As I sit writing this review, the invasion of Ukraine has been ongoing for approaching seven months, and the Ukrainian forces are currently making gains in their eastern territory against their invaders. This recent and timely release from the folks at CMK was kindly provided to the IPMS USA at the Nationals this year in Omaha, Nebraska. Consisting of polyurethane and 3D printed parts, along with a small decal sheet, this is a relatively easy build that nearly any modeler can enjoy. If you are looking for a symbolic kit of a current conflict, I would highly recommend this offering.
As this kit contains a single figure and weapons, the packaging is simple, but thoroughly adequate for the task. Upon opening the packaging, you will find four parts cast in polyurethane, four parts that are 3D printed, and a decal sheet with six individual decals. The figure is constructed from the polyurethane parts consisting of the torso and legs, two arms, and a head, which all attached using a medium CA glue without issue. The NLAW, its scope, and I believe post as well as the AK-74MN are 3D printed and attached just fine with a medium CA glue.
I started my build by attaching the arms to the rest of the figure by loosely placing the NLAW in location to get the angles correct. This allowed for separate painting of the figure and weapons, then attaching the NLAW and AK at the end. The challenge of this build was figuring out how to represent the digital camouflage of the uniform in 1/35 scale. This absolutely delayed me for a while until I found a video showing a technique using packing foam (like the stuff included in Eduard Brassin items) to apply the paint.
For the figure I used Vallejo Buff as the base then applied the camouflage colors consisting of Vallejo Highlight Germ.I (Feldgrau) and Green Gray, Ammo by Mig Yellow Green, and AK Tenebrous Grey. After the base color was dry, I used pieces of the packing material (torn off, but approximately 1/8-inch in any dimension) held in a pair of locking tweezers to apply each of the additional colors. I then used Vallejo Olive Grey for the ammo storage vest and helmet cover. The NLAW was painted with Tamiya Lacquer Olive Drab and Stynylrez Black, and this black was also used on the AK-74 (along with Tamiya Lacquer Gun Metal) and boots. My advice is to pick a reference photo and go with it as there are plenty of options available with the uniform, ammo vest, and helmet and goggle covers as well as the boots. The small amount of exposed face was painted with the Andrea Flesh Set and touched with Tamiya Figure Accent Color.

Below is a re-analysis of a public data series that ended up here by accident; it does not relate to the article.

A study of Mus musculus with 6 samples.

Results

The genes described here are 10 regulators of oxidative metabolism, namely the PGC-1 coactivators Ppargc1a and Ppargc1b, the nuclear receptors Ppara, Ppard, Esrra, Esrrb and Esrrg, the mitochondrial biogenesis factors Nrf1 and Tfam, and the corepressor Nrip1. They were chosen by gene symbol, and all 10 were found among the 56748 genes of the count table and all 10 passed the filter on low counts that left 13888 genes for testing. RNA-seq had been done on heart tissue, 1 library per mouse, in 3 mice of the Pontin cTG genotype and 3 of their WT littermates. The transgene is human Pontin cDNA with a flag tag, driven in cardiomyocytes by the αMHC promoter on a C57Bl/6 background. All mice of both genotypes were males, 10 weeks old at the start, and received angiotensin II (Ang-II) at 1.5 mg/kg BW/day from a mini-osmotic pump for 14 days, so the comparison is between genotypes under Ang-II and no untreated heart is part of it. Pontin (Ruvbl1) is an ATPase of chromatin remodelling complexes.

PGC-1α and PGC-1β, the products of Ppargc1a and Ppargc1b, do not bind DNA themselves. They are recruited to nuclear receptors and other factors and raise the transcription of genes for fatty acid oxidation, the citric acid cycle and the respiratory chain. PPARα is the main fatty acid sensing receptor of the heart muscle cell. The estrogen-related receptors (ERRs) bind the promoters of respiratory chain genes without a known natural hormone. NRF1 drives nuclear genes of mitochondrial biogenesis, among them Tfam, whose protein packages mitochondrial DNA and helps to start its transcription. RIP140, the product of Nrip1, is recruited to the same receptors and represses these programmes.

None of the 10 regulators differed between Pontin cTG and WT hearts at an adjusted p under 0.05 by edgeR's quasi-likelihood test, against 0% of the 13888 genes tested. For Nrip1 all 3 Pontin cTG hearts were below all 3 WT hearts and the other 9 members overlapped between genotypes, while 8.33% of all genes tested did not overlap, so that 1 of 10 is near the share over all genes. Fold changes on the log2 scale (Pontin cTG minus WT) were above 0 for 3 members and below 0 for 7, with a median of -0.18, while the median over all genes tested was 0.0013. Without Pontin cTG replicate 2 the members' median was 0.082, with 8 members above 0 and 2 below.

As far as my hits are concerned, the castings are beautiful in this kit, and I am amazed at the level of detail that can be created with 3D printing as it evolves. There were no fit issues during the construction, and the decals settled with Micro Set and Micro Sol.
While not really misses, I would have personally liked some color suggestions in the instructions, and a little more clarity on the location of the printed part 2 (NLAW post).
With all this being said, I can highly recommend this figure to anyone wanting to add a modern soldier to their collection. Anyone who has worked with resin should find no issues in assembling this figure.
I would like to thank the folks at Special Hobby for being gracious enough to provide this kit to the IPMS-USA for review! A special thanks to Phil Peterson for obtaining this during the Nationals and bringing it to the Review Corps get together. As always, I also appreciate the folks behind the scenes in the Review Corps who keep the review machine running so well, and finally my most sincere appreciation to all who take the time to read this.